Persistent poverty is part of the legacy of our nation’s history of racial injustice. Childhood poverty rates have risen nearly 40 percent for Black children since 2000, and Black students in the Deep South who overcome obstacles at home and at school to graduate high school still face grim job prospects in states that have not meaningfully addressed their history of inequality.
More than one out of every five school-age children in the United States – 10.9 million children – lived below the federal poverty line in 2013, according to the data released last week by the U.S. Department of Education. From 2000 to 2013, childhood poverty rose 39 percent for African Americans, compared to 13 percent for Asians and whites. And for the first time in 50 years, a majority of American public school students were eligible for free and reduced-price lunches at school due to their families’ low incomes.
In the South, the recession sent poverty rates soaring higher than anywhere else in the country. The region has been slower to recover from the downturn as well, and young people have suffered disproportionately. In 2000, the Deep South states of Louisiana, Mississippi, Alabama, Georgia, and South Carolina had child poverty rates worse than the national average; today, they have the country’s worst rates of poverty for children ages 5 to 17, at 23 percent.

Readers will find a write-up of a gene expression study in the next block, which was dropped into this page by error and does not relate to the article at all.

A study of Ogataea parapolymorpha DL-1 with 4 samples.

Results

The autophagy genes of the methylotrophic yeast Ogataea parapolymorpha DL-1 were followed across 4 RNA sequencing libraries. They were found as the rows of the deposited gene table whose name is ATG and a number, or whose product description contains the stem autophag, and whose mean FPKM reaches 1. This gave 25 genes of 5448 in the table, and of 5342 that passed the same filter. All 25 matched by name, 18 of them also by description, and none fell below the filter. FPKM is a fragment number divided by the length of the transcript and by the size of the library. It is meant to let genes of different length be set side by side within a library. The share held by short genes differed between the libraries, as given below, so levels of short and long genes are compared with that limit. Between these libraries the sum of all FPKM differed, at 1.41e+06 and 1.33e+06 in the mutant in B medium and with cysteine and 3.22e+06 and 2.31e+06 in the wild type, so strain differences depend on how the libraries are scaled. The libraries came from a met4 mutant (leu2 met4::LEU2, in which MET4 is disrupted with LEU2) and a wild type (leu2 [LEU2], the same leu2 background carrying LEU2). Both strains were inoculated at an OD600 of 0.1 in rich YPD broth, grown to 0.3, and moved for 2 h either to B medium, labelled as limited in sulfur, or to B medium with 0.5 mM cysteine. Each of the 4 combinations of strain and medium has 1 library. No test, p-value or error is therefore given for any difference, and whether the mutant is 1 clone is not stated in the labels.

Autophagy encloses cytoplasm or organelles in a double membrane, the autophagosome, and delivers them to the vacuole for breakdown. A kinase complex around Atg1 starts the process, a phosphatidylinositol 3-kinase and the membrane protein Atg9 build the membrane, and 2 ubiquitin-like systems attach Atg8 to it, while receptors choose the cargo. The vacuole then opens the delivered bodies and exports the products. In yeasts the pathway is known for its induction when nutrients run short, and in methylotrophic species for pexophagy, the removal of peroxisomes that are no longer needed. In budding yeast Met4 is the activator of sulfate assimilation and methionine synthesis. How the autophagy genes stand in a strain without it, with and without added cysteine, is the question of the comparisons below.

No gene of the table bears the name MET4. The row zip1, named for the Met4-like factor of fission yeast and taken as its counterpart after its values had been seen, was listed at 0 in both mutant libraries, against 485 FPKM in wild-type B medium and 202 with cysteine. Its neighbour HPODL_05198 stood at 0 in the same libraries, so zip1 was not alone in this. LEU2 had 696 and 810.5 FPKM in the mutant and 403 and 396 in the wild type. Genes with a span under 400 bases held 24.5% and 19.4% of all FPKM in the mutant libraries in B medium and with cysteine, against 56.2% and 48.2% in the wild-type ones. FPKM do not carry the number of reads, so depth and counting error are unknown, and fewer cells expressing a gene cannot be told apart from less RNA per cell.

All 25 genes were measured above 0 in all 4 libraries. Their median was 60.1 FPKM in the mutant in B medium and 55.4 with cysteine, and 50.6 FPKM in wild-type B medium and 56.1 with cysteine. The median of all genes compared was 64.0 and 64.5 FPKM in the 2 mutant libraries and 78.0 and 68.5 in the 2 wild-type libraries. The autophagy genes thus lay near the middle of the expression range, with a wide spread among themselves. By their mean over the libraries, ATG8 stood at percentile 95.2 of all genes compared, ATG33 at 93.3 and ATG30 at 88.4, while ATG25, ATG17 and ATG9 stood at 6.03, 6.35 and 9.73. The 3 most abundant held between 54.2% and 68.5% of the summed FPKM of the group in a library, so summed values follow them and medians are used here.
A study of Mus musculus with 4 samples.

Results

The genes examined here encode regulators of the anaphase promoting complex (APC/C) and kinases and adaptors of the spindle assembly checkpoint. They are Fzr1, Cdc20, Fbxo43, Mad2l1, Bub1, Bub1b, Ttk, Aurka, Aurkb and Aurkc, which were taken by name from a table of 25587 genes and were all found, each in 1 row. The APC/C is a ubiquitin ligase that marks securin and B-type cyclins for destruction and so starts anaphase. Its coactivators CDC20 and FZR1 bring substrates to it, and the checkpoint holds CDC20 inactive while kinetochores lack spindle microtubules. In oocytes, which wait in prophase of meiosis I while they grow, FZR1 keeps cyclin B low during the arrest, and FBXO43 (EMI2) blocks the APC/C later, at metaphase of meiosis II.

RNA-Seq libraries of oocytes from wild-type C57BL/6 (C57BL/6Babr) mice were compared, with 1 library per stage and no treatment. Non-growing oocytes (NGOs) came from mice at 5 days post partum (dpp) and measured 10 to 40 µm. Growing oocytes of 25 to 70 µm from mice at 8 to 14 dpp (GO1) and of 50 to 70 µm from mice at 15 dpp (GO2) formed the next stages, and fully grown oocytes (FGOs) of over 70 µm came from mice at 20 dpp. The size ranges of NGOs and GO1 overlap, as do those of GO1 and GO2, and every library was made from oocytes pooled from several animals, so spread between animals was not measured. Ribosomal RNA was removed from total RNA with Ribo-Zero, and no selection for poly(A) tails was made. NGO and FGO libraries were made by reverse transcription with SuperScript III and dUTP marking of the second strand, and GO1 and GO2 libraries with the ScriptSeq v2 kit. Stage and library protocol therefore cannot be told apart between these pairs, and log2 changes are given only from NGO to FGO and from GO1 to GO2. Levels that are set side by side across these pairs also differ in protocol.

Yet the Deep South states have refused to adopt policies to help poor children and families: opting against expanding Medicaid, for example, and making some of the nation’s sharpest cuts in education spending.
Poverty in these states, where African American populations are highest in the country, disproportionately impacts Black children and families. In Mississippi, for example, Black children are three times more likely than whites to grow up poor, three times as likely to live with single parents, more than twice as likely to lack basic reading skills by fourth grade, and twice as likely to drop out.
In 24 of the 40 Mississippi districts to receive a D or F grade from the state, African Americans make up at least 95 percent of the student body. As the Washington Post reported last week, Ruleville Central High School is emblematic: the building has no air conditioning or heat; urine backs up in the piping and the smell wafts into the hallways; the clocks don’t work; and only 55 percent of students graduate on time, well below the state rate of 76 percent.
One of two nearly all-Black public schools in Sunflower County, which is 30 percent white, Ruleville’s graduating class had a single white student. White students attend North Sunflower Academy, a small private school where Confederate flags adorn the entrance. Nationwide, from 2002 to 2012, the number of white students enrolled in public elementary and secondary schools fell from 28.6 million to 25.4 million, and their share of public school enrollment fell from 59 to 51 percent.
The refusal to remedy these inequalities has troubling implications for the future. In Mississippi, high school graduates who do not go to college have a 77 percent chance (compared with 67 percent nationally) that their children will grow up poor. Those odds have been on the rise since 2008, and they are the worst in the nation, with Alabama, South Carolina, and Georgia following closely behind.